Altra Elite Alissa Doehla’s Incredible Story from Soccer to Elite Marathoner to Pro Triathlete

Tommy Rivers Puzey

Hey, Tommy Rivs here.  The athlete I have the honor of introducing you to today is Alissa (McKaig) Doehla.  Alissa is well known among professional distance running with an 8th place finish at the 2012 U.S. Olympic Marathon Trials and a time of 2:31:56, as well as twice representing Team USA at the World Championships. Recently she’s shaken things up in the world of professional Triathlon being named the sport’s top Rookie in 2017 with 4 Top 3 finishes in Ironman 70.3 races. I had a chance to catch up with Alissa, who lives in NC with her Husband Kyle and their Great Dane Frankie. I loved everything she had to say. This is a good one guys. You’re in for a treat.


AD: Thank you! That is really nice of you to say.

TR: No, thank you! Ok, so can you remember your very first experience running?

AD: I grew up running while playing soccer, but I didn’t run just to run until I was 14 years old. I had back surgery that year to correct pars defect, basically fractures in my vertebrae, and I had taken a lot of time off from sports to recover. Running seemed like a great way to get back to fitness for soccer. My mom used to run, so she strapped on some rollerblades and showed me her old running routes. I loved the feeling of accomplishment I felt after running and immediately started trying to beat my time from earlier runs. Looking back, I am so grateful for that injury. It introduced to me a sport that became my passion and livelihood, but I also got to spend so much quality time with my mom at an age when I really needed her.

TR: When did you first begin to run competitively? Were you good at it right away, or was it something that you had to work at?

AD: I refused to run competitively for about a year and a half after starting to run. I didn’t really know what cross country was and running loops around a track looked dumb and boring, so I just ran on my own for fun. Before my sophomore year of high school, I had a soccer coach who happened to also love running. He knew I ran every day, and basically nagged me until I agreed to give cross country a try. I was able to do both soccer and cross country that fall, so I didn’t have to give up soccer right off the bat which was the only way I would agree to try! I loved it. I was pretty good right away, which was enough to encourage me to pursue running only.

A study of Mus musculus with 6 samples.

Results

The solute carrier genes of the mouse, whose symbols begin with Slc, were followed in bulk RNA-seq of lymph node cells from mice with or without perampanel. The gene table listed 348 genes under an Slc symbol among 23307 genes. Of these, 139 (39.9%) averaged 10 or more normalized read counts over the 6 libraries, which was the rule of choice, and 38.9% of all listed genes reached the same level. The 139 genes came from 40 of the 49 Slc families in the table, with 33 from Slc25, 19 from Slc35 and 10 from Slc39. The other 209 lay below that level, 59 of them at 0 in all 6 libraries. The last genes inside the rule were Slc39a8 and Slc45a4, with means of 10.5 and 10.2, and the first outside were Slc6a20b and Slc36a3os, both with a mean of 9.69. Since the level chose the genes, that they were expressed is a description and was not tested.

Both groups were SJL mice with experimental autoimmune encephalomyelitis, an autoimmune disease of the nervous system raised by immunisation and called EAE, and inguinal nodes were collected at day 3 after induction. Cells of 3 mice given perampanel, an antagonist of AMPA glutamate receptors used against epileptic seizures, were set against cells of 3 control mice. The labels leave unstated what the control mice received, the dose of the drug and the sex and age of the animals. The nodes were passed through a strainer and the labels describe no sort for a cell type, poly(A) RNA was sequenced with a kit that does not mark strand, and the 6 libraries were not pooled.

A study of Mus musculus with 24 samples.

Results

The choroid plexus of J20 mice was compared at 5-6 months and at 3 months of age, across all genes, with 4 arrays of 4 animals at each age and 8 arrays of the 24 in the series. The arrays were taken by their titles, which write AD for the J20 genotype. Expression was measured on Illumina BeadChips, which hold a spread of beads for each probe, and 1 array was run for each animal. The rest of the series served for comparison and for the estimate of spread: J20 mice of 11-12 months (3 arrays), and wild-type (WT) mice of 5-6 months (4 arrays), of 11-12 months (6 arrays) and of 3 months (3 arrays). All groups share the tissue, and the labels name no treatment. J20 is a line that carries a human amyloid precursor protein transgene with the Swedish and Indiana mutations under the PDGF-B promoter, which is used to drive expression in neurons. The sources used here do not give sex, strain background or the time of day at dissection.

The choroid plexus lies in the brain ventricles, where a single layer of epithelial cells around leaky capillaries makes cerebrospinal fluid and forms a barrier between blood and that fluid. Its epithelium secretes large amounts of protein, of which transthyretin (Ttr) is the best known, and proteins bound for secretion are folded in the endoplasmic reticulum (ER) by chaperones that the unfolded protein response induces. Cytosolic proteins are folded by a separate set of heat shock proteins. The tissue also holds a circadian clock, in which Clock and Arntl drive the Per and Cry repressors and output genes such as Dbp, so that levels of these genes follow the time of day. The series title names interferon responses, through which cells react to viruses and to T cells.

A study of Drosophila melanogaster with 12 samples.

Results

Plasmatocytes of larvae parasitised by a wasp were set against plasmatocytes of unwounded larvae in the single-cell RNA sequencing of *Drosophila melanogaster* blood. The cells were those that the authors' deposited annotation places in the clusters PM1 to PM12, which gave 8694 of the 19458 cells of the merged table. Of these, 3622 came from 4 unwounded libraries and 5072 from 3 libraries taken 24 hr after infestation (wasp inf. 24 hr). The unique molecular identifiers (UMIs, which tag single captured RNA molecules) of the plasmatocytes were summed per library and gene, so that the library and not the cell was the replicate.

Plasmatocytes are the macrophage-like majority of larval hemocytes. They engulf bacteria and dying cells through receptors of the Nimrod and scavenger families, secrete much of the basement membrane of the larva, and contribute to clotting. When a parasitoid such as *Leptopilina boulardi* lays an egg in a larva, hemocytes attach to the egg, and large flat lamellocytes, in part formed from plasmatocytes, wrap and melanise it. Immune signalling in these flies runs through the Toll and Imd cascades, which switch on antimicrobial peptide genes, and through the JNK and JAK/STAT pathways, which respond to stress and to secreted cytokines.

TR: That’s amazing. There are so many great runners who start out as soccer players. Honestly if I could design a youth program to create durable, gritty, hardworking runners, it would be just that – “Play soccer for 10 years, then come try out this running thing”.

Ok, now 2:31:56 and 8th place at the 2012 Olympic Marathon Trials… Unfortunately, in the world of running we have a bad habit of reducing runners down to a single time or a performance. That becomes the only thing people remember and the one-liner that some people use to describe you, and even to introduce you in certain circles. I hate that, and I hate even more to do that to you… So I won’t. I’ll instead refer to you as the athlete with a Great Dane. But dang, that’s fast. I pace some of the pro female runners who train in Flagstaff who have run right around that time, so I actually know exactly how fast that is. It’s really, really, fast. Can you share a little bit about that experience?

AD: Thank you for recognizing Frankie the Greatest Dane as the awesome pup that she is! If I am only known as the athlete with the Great Dane, I am totally okay with that. She is the coolest.

The 2012 Trials Marathon was one of the best runs of my career for sure. I knew I was in great shape and that if I just ran my race, I could do some good work. My coach, Pete Rea of ZAP Fitness, knew what I was capable of (even if I thought that 5:45 pace was a bit aggressive); so I told myself that I would simply run 5:45’s as long as I could and if I blew up, it wasn’t my fault…it was his! Ha! I think that helped me to have the courage to take that risk. I went out in a pack that ended up being a bit slower than I wanted to run and so I moved away from them and just kept going. It was a surreal experience as I passed women that I looked up to and ran my way into 8th place.

 

*As you can see, Alissa is an incredibly accomplished athlete with an inspiring story to boot. Stay tuned for part 2 of her interview with Dr. Puzey! Posting in the coming weeks.